August 1994
Volume 35, Issue 9
Free
Articles  |   August 1994
The accuracy of 'power' maps to display curvature data in corneal topography systems.
Author Affiliations
  • C Roberts
    Ohio State University, Biomedical Engineering Center, Columbus 43210.
Investigative Ophthalmology & Visual Science August 1994, Vol.35, 3525-3532. doi:

      C Roberts; The accuracy of 'power' maps to display curvature data in corneal topography systems.. Invest. Ophthalmol. Vis. Sci. 1994;35(9):3525-3532.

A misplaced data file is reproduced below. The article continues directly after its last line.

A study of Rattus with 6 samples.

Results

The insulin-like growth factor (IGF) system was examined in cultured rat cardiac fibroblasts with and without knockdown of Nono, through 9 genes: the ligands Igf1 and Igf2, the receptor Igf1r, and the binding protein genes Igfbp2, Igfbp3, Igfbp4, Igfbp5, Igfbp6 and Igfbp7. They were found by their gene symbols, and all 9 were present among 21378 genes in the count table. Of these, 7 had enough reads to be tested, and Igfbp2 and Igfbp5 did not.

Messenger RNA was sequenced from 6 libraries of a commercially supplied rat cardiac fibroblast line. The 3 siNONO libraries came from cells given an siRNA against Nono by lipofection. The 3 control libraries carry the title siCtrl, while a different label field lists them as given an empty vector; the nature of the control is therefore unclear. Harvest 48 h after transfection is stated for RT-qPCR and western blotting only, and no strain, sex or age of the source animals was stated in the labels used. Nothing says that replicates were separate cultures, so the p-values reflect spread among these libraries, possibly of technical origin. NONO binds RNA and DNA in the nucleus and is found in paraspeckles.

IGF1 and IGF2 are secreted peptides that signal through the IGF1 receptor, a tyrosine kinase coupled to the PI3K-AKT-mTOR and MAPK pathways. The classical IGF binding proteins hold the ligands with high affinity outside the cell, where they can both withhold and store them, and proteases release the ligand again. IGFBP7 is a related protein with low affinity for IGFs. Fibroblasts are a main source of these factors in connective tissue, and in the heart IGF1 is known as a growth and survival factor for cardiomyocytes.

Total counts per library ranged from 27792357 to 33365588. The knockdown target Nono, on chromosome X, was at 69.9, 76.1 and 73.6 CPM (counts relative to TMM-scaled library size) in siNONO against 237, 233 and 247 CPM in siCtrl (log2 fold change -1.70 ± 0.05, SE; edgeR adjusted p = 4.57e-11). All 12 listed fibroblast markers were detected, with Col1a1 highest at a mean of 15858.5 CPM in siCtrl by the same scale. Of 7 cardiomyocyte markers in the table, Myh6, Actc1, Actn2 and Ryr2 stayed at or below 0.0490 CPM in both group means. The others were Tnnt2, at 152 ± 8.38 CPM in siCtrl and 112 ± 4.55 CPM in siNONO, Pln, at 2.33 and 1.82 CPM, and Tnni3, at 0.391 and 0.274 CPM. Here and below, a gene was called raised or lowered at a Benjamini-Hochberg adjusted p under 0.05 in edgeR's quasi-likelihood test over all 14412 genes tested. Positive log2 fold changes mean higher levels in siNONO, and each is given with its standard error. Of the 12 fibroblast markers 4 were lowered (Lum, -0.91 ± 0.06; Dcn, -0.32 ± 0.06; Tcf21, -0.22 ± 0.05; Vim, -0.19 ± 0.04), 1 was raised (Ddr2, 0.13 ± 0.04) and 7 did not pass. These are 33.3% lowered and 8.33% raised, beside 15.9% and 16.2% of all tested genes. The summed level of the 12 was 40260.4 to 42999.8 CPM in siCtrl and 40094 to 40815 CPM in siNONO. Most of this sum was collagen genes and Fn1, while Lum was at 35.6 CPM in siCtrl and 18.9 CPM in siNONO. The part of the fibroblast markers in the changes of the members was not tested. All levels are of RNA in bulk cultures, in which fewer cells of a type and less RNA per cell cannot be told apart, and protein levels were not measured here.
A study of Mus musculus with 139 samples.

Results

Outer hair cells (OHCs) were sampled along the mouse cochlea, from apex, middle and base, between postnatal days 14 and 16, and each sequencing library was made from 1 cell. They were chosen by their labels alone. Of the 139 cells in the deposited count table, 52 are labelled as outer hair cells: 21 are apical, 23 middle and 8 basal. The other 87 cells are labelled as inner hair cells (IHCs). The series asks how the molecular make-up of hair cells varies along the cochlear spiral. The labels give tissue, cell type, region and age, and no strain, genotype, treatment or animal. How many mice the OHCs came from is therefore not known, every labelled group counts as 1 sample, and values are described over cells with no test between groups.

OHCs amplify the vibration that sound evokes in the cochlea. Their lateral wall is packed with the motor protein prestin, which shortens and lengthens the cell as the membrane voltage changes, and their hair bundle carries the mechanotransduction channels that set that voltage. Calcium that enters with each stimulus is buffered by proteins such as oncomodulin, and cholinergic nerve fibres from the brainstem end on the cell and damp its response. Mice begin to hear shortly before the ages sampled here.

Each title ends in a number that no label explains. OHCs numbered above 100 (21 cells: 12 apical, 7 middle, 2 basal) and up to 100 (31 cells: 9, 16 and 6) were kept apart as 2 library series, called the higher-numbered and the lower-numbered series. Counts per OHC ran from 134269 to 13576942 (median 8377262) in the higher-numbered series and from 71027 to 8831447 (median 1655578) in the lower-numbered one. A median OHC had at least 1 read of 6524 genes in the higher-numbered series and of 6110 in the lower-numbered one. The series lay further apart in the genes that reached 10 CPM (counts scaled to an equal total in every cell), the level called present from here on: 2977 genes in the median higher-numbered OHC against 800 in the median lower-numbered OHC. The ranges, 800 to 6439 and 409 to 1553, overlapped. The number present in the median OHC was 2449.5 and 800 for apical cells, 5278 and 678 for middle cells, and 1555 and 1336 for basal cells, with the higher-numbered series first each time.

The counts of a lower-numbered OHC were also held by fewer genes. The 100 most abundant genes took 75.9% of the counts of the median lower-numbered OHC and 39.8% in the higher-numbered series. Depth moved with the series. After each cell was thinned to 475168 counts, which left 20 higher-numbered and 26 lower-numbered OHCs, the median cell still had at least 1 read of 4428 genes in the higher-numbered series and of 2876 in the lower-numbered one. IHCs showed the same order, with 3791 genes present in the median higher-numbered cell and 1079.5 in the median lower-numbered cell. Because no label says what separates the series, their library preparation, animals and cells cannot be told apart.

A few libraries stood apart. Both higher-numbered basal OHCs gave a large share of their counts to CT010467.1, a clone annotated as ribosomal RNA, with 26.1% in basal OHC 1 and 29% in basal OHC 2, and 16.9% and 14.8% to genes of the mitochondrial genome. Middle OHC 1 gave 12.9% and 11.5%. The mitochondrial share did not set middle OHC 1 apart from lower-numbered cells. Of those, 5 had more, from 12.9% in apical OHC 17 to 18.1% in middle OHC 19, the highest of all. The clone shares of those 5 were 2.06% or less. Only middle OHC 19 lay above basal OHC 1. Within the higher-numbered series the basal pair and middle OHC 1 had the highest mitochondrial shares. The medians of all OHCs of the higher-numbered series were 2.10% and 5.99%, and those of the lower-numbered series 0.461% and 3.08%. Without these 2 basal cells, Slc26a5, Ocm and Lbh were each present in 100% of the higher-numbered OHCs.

PURPOSE: To quantify the error introduced by videokeratographic corneal topography devices in using a paraxial formula to calculate power over the entire corneal surface, including areas removed from the central paraxial region where the formula is known to be invalid. METHODS: Corneal refractive power and two paraxial power approximations were computed as a function of distance from the apex for three theoretical surfaces, a sphere and two ellipsoids with 0.3 and 0.5 eccentricities. Color dioptric maps were then theoretically created. RESULTS: For the spherical surface, both curvature-based paraxial power approximations were uniform over the entire surface because curvature is constant. However, the corneal refractive power increased from center to periphery, demonstrating the known phenomenon of spherical aberration. For the ellipsoids, which have been shown to model the human cornea, curvature-based power approximations decreased from center to periphery because the curvature flattens peripherally. However, refractive power increased from center to periphery. The limits of the central paraxial region for these surfaces was shown to be approximately 2 mm in diameter for the paraxial power approximation used by videokeratographic devices to measure 8 mm in diameter. CONCLUSIONS: The direct correlation between corneal curvature and power with which clinicians are familiar is not valid in the peripheral regions measured by videokeratographic devices. Topographic devices measure curvature, which should not be interpreted as corneal power except in the central region. A recommendation to device manufacturers is to display "color curvature maps" instead of color dioptric maps, and to label the color bar with curvature values instead of power.